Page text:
Facebook COO Sheryl Sandberg’s harshest critics argue that her controversial book, “Lean In,” is overly focused on advancing women at or near the top, but leaves the average woman without any real practical advice.
In a recent New York Times OpEd, Amelia Gentleman agrees with Sandberg’s critics:
“Ms. Sandberg’s desire to teach women ‘to negotiate so they get paid more’ has only marginal relevance to the millions of low-paid women in the United States and Britain who have very slim prospects of increasing their pay packets from the minimum wage that people employed in the five C’s — caring, cashiering, catering, cleaning and clerical work — can expect.”
Gentleman argues that we’ve pursued feminism at the expense of inequality. She looks at a study by the Institute for Public Policy Research, pointing out that “the report wonders why we persist in looking at a few outrider women at the top of the professional ladder instead of analysing the fate of a more representative cross-section of women.”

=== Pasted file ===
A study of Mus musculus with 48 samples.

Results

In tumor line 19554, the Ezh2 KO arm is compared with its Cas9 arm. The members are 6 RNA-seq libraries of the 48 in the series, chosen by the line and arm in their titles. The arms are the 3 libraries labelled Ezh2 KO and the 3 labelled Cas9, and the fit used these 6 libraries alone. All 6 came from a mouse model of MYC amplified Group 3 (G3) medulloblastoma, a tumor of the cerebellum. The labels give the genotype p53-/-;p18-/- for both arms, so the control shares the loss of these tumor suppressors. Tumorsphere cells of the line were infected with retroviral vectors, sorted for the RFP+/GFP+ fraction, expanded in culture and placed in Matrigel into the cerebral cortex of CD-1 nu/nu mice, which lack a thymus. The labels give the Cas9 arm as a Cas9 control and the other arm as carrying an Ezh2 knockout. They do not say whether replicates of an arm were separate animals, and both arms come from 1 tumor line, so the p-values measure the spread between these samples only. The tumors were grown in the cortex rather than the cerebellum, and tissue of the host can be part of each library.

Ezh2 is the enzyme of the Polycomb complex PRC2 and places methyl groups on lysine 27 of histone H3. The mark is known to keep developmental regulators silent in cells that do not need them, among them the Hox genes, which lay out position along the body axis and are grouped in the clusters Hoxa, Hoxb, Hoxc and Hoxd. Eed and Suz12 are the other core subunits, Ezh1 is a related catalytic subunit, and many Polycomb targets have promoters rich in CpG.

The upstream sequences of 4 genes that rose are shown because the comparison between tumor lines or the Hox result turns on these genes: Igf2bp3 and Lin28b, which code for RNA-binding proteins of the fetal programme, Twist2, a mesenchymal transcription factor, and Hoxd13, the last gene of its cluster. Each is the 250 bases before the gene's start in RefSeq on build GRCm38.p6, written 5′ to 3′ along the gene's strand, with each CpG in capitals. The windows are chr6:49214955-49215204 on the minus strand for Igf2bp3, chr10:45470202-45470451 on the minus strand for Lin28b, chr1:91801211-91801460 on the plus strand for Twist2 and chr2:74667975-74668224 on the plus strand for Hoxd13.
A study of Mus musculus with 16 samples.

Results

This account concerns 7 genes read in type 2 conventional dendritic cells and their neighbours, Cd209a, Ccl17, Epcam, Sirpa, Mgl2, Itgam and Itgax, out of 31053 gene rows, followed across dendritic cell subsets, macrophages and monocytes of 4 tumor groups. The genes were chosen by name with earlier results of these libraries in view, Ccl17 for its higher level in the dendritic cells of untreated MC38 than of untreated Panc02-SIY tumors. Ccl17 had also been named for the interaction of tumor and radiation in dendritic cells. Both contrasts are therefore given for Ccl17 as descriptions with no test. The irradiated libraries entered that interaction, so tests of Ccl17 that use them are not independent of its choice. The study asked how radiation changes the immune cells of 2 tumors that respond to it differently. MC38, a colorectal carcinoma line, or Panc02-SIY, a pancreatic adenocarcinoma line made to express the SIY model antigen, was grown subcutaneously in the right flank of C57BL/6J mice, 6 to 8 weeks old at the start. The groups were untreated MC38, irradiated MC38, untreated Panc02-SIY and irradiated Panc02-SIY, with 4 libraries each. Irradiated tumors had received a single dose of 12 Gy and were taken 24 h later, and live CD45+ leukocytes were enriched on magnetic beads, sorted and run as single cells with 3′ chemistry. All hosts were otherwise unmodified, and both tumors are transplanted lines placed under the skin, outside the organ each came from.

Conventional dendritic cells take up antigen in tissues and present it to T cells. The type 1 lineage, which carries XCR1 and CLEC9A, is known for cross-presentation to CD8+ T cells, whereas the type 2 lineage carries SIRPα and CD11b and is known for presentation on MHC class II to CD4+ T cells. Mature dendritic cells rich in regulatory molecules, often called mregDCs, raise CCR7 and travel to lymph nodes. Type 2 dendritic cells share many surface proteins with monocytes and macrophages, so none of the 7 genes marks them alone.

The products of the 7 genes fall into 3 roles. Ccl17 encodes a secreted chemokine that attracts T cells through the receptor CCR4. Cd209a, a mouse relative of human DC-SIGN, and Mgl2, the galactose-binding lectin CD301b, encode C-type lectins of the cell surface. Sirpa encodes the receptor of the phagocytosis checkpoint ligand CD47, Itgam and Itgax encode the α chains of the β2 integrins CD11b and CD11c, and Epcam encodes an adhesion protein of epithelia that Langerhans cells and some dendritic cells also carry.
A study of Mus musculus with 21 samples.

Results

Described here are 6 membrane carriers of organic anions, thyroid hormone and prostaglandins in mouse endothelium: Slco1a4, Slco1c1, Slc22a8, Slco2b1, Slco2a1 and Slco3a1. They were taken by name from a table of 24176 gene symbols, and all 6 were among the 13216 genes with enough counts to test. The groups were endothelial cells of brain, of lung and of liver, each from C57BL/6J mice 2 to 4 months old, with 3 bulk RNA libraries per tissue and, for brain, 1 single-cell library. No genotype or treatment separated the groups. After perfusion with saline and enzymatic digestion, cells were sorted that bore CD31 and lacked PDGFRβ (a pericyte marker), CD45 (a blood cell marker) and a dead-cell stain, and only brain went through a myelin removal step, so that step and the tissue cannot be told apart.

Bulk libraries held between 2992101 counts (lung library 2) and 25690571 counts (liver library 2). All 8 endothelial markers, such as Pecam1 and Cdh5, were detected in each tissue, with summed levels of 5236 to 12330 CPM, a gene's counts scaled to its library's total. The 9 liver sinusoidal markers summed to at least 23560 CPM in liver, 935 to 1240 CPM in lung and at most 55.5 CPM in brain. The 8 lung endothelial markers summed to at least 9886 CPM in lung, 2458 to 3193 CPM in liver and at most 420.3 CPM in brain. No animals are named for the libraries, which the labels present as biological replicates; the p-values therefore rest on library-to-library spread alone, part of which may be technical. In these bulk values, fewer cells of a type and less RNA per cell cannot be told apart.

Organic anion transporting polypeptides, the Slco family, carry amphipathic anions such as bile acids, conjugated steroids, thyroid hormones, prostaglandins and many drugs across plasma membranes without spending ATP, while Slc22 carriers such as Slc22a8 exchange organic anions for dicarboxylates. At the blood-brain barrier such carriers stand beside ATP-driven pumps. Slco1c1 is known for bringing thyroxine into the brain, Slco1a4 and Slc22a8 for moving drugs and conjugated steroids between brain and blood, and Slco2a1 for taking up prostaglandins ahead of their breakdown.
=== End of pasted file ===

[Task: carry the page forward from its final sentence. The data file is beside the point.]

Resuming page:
While we’ve made incremental gains at the top — and certainly come a long way — women still hold many of the low-skilled jobs across most industries. The chart below highlights that trend worldwide (note this does not include the US):
Institute for Public Policy ResearchIn the US, unemployment rates for women in unskilled jobs are significantly higher than they are for women who are qualified to land higher paying positions. The Bureau of labour Statistics reveals that the 2012 unemployment rate for women working management, professional, and related occupations was 4.4 per cent while women working in lower-skill service occupations was 9.1 per cent. For building, grounds cleaning and maintenance work, the rate was as high as 11.7 per cent.
This means we have a long way to go to close the gender AND inequality gap.
Gentleman says that to create a “fairer feminist campaign,” we should take the advice from the IPPR and raise the standards for working-class jobs and create better pay structures across the board.
Feminism is a noble pursuit, but only when it’s pursued on behalf of all women.